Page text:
One of the first things to be installed was the outdoor banner for the exhibition. The graphic designers choose my artwork South Bay as the "stock photography" for the theme graphic.
Since this is an exhibit about water, the gallery walls just had to be blue! The lighter blue is the primer coat and the final blue is the brighter one.
Hanging the interpretive panels is hard work - a large panel such as this one takes five people to make sure it was aligned before it was velcroed to the wall.
On Sunday October 2nd we moved all of the large displays to the museum. Kathleen Egan's eco-sculpture, Barreled by Plastic just barely fit into the back of the van.
And here is the sculpture fully assembled. It makes for a great photo op.
One of the installations is a 72 foot long wooden platform that curves back and forth like a river with 153 one gallon bottles on top - showing people the average daily water usage per person in the Santa Clara Valley.
The wood platform below the bottles is color coded and labeled by average household use such as toilet flushing or showers.
And here it is completed. What luck that the donated water bottles had blue caps!
This sweet playhouse sized model has a living green roof. The plants are various sedums (succulents).
The green roof play house is an instant hit! These kids couldn't resist going inside - they walked right into the little house while the finishing touches of assembly were being done.
This box will hold a greywater wetlands to demonstrate the concept of "Laundry to Landscape" where water discharged from your washing machine can be used to irrigate your landscape.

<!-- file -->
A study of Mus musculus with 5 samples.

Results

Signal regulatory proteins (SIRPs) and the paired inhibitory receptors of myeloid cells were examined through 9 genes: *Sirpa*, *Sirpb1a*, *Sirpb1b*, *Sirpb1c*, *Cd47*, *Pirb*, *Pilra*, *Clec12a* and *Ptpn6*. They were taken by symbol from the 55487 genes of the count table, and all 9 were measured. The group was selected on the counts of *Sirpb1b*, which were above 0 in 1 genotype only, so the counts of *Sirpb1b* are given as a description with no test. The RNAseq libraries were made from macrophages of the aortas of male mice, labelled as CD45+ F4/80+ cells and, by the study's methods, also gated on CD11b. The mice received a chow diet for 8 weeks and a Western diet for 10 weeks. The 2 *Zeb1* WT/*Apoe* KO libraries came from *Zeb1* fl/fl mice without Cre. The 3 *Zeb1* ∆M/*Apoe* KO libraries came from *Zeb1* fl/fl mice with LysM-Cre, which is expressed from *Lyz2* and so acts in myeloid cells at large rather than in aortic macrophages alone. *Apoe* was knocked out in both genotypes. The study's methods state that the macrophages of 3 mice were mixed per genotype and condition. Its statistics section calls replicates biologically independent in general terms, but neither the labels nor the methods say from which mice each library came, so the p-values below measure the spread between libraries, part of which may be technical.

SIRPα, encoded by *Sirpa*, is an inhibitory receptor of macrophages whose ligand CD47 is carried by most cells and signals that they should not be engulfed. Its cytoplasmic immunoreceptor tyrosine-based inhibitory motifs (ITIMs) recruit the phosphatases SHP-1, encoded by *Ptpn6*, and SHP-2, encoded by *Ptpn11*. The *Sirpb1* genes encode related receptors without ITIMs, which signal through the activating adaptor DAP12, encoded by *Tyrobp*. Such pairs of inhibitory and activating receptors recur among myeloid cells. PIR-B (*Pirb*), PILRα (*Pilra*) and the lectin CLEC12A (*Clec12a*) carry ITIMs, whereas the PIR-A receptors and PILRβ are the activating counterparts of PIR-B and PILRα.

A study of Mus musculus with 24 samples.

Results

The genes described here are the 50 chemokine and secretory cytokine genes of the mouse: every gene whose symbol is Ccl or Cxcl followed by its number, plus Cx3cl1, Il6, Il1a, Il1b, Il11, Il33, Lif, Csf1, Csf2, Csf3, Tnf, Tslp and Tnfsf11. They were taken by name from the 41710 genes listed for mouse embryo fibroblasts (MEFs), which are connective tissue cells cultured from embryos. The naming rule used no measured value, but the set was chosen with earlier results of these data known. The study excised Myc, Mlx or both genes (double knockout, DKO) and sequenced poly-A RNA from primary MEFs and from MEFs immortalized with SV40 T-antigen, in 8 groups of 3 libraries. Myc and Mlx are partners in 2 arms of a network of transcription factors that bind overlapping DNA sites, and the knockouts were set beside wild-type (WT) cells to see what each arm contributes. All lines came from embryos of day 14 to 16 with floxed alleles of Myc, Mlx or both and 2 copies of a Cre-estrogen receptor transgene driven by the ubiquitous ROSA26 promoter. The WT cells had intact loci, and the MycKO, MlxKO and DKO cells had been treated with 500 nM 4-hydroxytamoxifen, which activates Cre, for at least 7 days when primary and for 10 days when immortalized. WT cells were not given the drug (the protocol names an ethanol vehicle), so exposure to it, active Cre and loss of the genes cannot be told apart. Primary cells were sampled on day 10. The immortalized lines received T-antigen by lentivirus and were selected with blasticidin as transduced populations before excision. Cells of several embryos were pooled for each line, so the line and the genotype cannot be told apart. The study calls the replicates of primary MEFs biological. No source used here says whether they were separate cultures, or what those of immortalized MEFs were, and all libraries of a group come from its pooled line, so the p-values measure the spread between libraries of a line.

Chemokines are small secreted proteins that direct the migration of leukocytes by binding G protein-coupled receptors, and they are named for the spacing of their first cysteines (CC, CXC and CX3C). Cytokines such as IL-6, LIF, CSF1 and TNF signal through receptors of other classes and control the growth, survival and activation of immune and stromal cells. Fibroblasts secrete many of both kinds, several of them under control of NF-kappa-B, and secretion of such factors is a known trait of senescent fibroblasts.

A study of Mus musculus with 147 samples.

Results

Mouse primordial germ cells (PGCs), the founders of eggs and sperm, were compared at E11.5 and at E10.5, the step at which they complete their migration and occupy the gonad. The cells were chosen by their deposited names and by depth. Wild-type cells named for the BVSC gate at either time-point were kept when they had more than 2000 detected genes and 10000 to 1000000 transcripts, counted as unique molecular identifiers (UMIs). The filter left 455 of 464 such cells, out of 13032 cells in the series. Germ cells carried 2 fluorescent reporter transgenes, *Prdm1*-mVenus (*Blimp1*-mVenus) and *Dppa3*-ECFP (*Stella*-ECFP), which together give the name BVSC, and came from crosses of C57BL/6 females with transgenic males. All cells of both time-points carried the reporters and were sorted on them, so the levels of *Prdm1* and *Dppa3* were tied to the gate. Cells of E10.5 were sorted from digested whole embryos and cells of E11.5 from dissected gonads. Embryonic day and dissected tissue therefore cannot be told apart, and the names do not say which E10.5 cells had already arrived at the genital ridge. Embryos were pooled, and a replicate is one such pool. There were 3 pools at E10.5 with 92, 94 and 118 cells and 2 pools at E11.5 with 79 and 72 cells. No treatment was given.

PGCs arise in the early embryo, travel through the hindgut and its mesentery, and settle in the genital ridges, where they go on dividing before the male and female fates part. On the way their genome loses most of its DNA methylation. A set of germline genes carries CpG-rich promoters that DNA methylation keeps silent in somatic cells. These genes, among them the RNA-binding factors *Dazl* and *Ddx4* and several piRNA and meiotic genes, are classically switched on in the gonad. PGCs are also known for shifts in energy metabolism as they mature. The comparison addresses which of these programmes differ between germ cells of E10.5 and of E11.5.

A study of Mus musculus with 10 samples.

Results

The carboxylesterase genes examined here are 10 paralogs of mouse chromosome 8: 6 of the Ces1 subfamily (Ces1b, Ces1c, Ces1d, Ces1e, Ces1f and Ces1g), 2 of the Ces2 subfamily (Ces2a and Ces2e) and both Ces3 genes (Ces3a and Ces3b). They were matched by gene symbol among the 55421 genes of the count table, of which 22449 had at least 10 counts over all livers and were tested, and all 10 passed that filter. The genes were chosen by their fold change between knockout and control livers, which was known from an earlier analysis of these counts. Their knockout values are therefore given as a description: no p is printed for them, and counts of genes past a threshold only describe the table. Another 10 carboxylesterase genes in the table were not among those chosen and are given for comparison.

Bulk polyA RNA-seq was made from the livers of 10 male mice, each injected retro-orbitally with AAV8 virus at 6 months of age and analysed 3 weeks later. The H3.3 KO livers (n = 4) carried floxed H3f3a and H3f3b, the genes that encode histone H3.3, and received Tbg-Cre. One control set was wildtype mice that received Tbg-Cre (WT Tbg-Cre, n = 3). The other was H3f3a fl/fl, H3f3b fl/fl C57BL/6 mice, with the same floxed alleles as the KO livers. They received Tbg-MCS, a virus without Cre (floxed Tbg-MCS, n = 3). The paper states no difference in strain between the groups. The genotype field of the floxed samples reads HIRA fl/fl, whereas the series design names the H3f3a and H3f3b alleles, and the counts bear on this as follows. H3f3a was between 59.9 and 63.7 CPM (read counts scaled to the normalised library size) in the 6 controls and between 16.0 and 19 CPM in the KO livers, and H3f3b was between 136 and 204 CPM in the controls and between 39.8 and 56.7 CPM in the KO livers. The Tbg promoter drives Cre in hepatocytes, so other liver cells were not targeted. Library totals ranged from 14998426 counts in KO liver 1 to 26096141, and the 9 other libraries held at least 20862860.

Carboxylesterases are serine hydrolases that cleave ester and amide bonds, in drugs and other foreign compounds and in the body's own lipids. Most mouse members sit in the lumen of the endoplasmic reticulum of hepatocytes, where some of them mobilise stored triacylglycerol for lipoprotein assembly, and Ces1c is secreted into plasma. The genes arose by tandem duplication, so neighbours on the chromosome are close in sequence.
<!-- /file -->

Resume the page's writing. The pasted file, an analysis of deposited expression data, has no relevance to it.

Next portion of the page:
Plants for the wetlands came from a pond at Palo Alto's Foothills Park. A few hearty volunteers dug out Juncus and Cattails from the muddy edge of the pond and transported them to the museum. Artist Mark Brest van Kempen is aesthetically arranging the plants on site.
Here is what people saw when they walked into the museum. The large image of water is a photograph printed on fabric that gently undulates as people walk by. We also commissioned a sound designer to make a looping track of water sounds that played on speakers at the entrance.
The exhibition explored 5 historical periods beginning with the indigenous people. We worked with a tribal consultant (and were informed that we were the first Bay Area Museum to invite the tribe to tell their own story!). Here is a recreation of the native landscape with a mural showing indigenous life.
Other than the response "the tap," most people don't know the answer to this question. We created an interactive map where you could push the button with your city listed next to it and the map of California would light up (using electroluminescent wires) to show you how your water comes from very far away rivers.
This was the most popular display in the exhibition - plates of food you could place on a "scale" with LED lights that lit up to tell you how many gallons of water it took to produce a pound of that food. People were amazed to learn how much water it takes to produce beef and how little water goes into producing a head of lettuce.
This aeration cylinder reveals one of the steps in treating our sewage at the local wastewater treatment plant. Oxygen is vigorously bubbled through the sewage sludge to aid the naturally occuring bacteria in breaking down the organic matter.
After presenting what could seem like a depressing history what humans have done to mess up our water resources and our wasteful use of water, we wanted to end things on a hopeful note. Most history museums are only about history but we included a section about the future with hands-on demonstrations of simple things people can do as individuals to make a difference.
This was the most popular outdoor display for children. They loved the old fashioned hand pump and would take turns trying to pump it as fast as they could (it required weekly repairs!). The water flows through permeable concrete - a demonstration of a new technology available today for reducing stormwater flows and pollution that enters our streams with the extra bonus of increasing groundwater recharge.
We also wanted to include a quite contemplative experience in the exhibit - this labyrinth of river stones with quotes about water. It's dedicated to one of our exhibition committee members and a dear friend of mine, Patty Rosewater, who died suddenly from liver failure a month before the exhibit opened.